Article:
Whew

For my own selfish reasons, I was apprehensive about what Grant Morrison might say concerning Leo Quintum in his new Newsarama interview--as it happens, he's about exactly as cagey on Leo as the comic itself (italics mine):

Grant Morrison: Yeah, he was exactly as you say, my attempt to create an updated take on the character of “Superman’s scientist friend” – in the vein of Emil Hamilton from the animated show and the ‘90s stories. Science so often goes wrong in Superman stories, and I thought it was important to show the potential for science to go right or to be elevated by contact with Superman’s shining positive spirit.

I was thinking of Quintum as a kind of “Man Who Fell To Earth” character with a mysterious unearthly background. For a while I toyed with the notion that he was some kind of avatar of Lightray of the New Gods, but as All Star developed, that didn’t fit the tone, and he was allowed to simply be himself.

Eventually it just came down to simplicity. Leo Quintum represents the “good” scientific spirit – the rational, enlightened, progressive, utopian kind of scientist I figured Superman might inspire to greatness. It was interesting to me how so many people expected Quintum to turn out bad at the end. It shows how conditioned we are in our miserable, self–loathing, suspicious society to expect the worst of everyone, rather than hope for the best. Or maybe it’s just what we expect from stories.

Having said that, there is indeed a necessary whiff of Lucifer about Quintum. His name, Leo Quintum, conjures images of solar force, lions and lightbringers and he has elements of the classic Trickster figure about him. He even refers to himself as “The Devil Himself” in issue #10.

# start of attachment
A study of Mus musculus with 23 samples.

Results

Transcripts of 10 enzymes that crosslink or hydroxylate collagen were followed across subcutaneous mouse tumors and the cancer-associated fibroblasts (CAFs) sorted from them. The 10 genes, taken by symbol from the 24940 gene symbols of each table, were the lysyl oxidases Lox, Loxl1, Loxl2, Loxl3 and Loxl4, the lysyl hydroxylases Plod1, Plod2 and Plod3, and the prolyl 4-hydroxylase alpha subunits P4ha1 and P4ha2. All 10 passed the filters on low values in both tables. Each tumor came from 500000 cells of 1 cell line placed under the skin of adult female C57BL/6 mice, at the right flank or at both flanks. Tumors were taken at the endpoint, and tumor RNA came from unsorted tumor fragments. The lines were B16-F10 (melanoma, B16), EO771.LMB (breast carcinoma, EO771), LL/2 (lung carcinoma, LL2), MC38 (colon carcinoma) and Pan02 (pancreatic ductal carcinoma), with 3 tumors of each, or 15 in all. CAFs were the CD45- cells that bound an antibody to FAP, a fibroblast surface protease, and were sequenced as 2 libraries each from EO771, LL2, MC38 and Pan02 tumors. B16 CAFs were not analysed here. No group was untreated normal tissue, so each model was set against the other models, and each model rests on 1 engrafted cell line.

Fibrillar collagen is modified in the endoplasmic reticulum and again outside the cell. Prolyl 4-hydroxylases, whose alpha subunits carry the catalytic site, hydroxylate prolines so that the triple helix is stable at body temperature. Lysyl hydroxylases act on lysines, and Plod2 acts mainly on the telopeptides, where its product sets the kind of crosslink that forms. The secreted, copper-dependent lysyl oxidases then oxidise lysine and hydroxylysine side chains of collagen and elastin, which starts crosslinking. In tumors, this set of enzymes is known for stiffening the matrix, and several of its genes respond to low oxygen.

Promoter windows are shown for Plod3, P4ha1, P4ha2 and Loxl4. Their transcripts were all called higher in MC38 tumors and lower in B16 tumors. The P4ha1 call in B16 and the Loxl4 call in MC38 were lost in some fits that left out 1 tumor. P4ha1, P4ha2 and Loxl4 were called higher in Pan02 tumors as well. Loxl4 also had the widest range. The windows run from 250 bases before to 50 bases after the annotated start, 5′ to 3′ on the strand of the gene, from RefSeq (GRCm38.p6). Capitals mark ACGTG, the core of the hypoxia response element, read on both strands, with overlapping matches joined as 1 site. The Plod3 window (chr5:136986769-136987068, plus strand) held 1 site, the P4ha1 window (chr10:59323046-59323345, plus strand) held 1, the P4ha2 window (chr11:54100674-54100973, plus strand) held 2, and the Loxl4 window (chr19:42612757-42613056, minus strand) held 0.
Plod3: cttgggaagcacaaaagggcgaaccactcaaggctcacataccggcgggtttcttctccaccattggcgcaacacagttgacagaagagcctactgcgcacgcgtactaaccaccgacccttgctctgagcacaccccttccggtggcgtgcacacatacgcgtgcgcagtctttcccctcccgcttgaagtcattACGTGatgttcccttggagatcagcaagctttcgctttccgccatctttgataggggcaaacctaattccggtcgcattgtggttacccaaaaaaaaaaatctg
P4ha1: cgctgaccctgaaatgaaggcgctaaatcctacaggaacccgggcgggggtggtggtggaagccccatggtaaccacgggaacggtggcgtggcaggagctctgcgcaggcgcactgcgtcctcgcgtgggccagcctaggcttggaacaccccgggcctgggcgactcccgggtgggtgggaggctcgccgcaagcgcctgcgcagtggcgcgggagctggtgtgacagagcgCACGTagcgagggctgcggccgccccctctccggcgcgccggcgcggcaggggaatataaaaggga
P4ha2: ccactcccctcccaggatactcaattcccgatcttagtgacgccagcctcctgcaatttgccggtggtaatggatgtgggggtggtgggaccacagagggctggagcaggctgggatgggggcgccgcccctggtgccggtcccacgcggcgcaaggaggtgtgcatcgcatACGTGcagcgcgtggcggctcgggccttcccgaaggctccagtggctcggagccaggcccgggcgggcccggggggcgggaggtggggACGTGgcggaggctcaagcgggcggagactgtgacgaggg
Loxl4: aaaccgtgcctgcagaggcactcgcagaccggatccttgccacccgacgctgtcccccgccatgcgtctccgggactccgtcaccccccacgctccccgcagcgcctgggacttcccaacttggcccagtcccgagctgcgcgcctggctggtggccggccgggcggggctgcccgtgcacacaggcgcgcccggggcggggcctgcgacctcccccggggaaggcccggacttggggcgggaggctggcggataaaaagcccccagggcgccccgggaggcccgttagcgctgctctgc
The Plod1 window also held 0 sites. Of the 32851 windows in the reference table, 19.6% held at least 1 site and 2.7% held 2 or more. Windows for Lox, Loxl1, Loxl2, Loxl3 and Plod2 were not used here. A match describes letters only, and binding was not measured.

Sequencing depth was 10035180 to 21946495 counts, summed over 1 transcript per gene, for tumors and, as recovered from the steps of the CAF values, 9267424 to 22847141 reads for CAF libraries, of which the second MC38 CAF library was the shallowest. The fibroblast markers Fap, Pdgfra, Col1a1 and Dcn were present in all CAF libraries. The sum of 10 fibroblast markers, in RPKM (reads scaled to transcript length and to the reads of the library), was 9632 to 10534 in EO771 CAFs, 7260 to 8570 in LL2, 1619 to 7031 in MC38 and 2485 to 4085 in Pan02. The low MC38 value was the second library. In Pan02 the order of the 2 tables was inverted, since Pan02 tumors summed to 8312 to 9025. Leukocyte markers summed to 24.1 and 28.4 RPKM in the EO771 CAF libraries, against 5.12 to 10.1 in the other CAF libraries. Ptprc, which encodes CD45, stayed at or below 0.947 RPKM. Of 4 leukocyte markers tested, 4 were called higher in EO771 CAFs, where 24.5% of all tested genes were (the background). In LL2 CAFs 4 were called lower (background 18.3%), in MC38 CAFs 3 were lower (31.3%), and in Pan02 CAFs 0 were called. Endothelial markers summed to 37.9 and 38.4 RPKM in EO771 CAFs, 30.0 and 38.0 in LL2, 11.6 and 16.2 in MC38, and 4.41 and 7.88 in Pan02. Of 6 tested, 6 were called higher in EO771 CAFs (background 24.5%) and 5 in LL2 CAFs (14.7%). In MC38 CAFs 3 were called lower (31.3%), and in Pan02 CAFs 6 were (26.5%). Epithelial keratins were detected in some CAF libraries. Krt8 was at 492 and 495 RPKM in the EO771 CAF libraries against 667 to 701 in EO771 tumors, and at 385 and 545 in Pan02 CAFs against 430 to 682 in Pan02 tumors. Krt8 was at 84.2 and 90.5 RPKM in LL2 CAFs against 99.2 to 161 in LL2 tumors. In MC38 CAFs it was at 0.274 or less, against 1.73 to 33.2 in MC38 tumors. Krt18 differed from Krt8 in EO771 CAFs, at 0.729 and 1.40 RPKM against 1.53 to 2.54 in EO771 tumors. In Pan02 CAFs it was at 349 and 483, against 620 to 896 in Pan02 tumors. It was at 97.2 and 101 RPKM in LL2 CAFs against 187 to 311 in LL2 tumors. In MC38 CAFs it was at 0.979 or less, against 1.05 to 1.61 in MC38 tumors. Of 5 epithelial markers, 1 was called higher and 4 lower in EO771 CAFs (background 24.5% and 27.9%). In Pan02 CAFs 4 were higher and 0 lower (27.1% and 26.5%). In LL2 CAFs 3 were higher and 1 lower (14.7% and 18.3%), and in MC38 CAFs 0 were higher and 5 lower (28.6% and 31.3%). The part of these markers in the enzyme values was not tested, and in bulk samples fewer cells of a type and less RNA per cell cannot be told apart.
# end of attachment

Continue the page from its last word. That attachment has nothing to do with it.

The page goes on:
What he’s doing at the end of the story should, for all its gee–whiz futurity, feel slightly ambiguous, slightly fake, slightly “Hollywood.” Yes, he’s fulfilling Superman’s wishes by cloning an heir to Superman and Lois and inaugurating a Superman dynasty that will last until the end of time – but he’s also commodifying Superman, figuring out how it’s done, turning him into a brand, a franchise, a bigger–and–better “revamp,” the ultimate coming attraction, fresher than fresh, newer than new but familiar too. Quintum has figured out the “formula” for Superman and improved upon it.

And then you can go back to the start of All Star Superman issue #1 and read the “formula” for yourself, condensed into eight words on the first page and then expanded upon throughout the story! The solar journey is an endless circle naturally. A perfect puzzle that is its own solution.

That more or less clinches it for me.

Comments:
Intriguingly enough, a poster at Barbelith in this thread:

http://www.barbelith.com/topic/22644/from/1890

pointed out something else that I don't think anyone else noticed:

"secondly, and this is the one that did it for me, is where lex is remote operating his humanoid suicide bomb, and time delaying his words to the solar ship. general lane walks in and says ' lex? are you talking to yourself again?" ...and he is! on the facing page, the same words lex spoke come again, but it turns out they are directed at leo quintum!"